Whilst certain teams were tipped as having had a strong showing at the first pre-season test in Barcelona, the engineering team at Mercedes have explained why the fastest car at the beginning of the 2022 F1 season may not still be the quickest by the end.

Mercedes' engineering team have suggested that the pecking order could change dramatically throughout the 2022 F1 season. Following the recent pre-season test in Barcelona, certain teams were tipped as having had a particularly strong showing. Ferrari and McLaren were amongst those to attract the attention of their rivals, for example, with George Russell suggesting on day two of the three-day event that these two teams were ahead of Mercedes . However, in a new video explaining the biggest changes on their new car, the Silver Arrows' Technical Director, Mike Elliott, along with Managing Director of Mercedes AMG High Performance Powertrains, Hywel Thomas, have predicted that the order could look very different by the end of the year.

Plenty of development expected in 2022

Given the extensive new regulations that have come into effect for 2022, Thomas believes that there will be a lot of development happening as the season unfolds. Elliott also thinks that other changes, such as having less time in the wind tunnel, will combine with this to have an impact. "In conjunction with the regulation change, we have much fewer runs in the wind tunnel than we've ever had before, [and] less runs in CFD [Computational Fluid Dynamics]," Elliott explained. "So I suspect that most of the teams will find they're probably still on a strong development slope, and we'll see lots of upgrades as a result of that. "I think the other thing is that, because the cars are so new and so different, I suspect we'll also have the sort of reliability fixes that you need to put in place, and [there will be] a big chunk of work to put into that as well."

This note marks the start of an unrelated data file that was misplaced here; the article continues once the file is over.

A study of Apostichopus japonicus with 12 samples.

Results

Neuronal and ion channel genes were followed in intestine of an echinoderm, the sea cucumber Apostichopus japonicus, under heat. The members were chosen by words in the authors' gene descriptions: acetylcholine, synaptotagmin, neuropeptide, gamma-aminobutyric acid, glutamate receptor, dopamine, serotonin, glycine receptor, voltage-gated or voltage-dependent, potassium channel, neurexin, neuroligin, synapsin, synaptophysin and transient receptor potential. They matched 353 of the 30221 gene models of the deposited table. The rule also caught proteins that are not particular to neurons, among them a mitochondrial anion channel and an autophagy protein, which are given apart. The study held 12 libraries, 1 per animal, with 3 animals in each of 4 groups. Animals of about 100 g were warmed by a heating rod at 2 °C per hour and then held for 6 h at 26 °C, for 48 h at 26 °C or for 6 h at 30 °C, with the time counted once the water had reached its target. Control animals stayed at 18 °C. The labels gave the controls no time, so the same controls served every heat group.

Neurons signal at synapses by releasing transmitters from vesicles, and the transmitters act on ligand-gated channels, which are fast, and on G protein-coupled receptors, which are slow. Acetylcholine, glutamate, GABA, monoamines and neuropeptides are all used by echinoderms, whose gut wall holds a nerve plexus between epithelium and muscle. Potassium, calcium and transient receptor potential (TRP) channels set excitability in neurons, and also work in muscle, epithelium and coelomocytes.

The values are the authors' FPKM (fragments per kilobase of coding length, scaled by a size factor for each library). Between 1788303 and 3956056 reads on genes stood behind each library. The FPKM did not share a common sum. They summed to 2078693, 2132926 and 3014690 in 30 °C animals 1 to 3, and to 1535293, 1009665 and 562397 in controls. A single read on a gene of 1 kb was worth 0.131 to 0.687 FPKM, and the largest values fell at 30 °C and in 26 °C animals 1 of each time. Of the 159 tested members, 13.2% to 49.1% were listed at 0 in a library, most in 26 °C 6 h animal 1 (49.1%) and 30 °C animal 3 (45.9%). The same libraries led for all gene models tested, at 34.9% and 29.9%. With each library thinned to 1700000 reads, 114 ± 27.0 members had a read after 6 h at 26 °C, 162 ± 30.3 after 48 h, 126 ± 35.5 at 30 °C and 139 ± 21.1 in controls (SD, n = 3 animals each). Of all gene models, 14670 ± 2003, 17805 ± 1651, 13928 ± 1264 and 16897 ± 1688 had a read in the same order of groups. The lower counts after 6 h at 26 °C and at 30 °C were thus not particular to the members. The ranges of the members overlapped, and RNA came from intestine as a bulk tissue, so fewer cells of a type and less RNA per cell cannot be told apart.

Fastest car at beginning of year may not be at the end

Thomas is expecting that the different pace of development amongst teams during the season could have an effect on who comes out on top at any given time. "My thoughts with it are that, if everyone's developed perhaps at a slightly different speed, and everyone's doing their work in the wind tunnel, it could be that the fastest car at the start of the year is nowhere near the fastest car at the end of the year," Thomas said. "As people bring upgrades, you might see quite a lot of jumping of who's the quickest car." As such, Elliott agrees that the recent pre-season test in Barcelona - as well as the upcoming testing days in Bahrain on 10-12 March - is not a reliable indication of how the pecking order might play out in 2022. "I think it's going to be really difficult to tell from winter testing who's quickest," he added. "It's just because I think, depending what people's upgrade strategy is, [there will be questions such as] do people bring an upgrade to the second test? Do they bring an upgrade for the first race? "And then, what's that order through the season? I think it's going to make quite a big difference."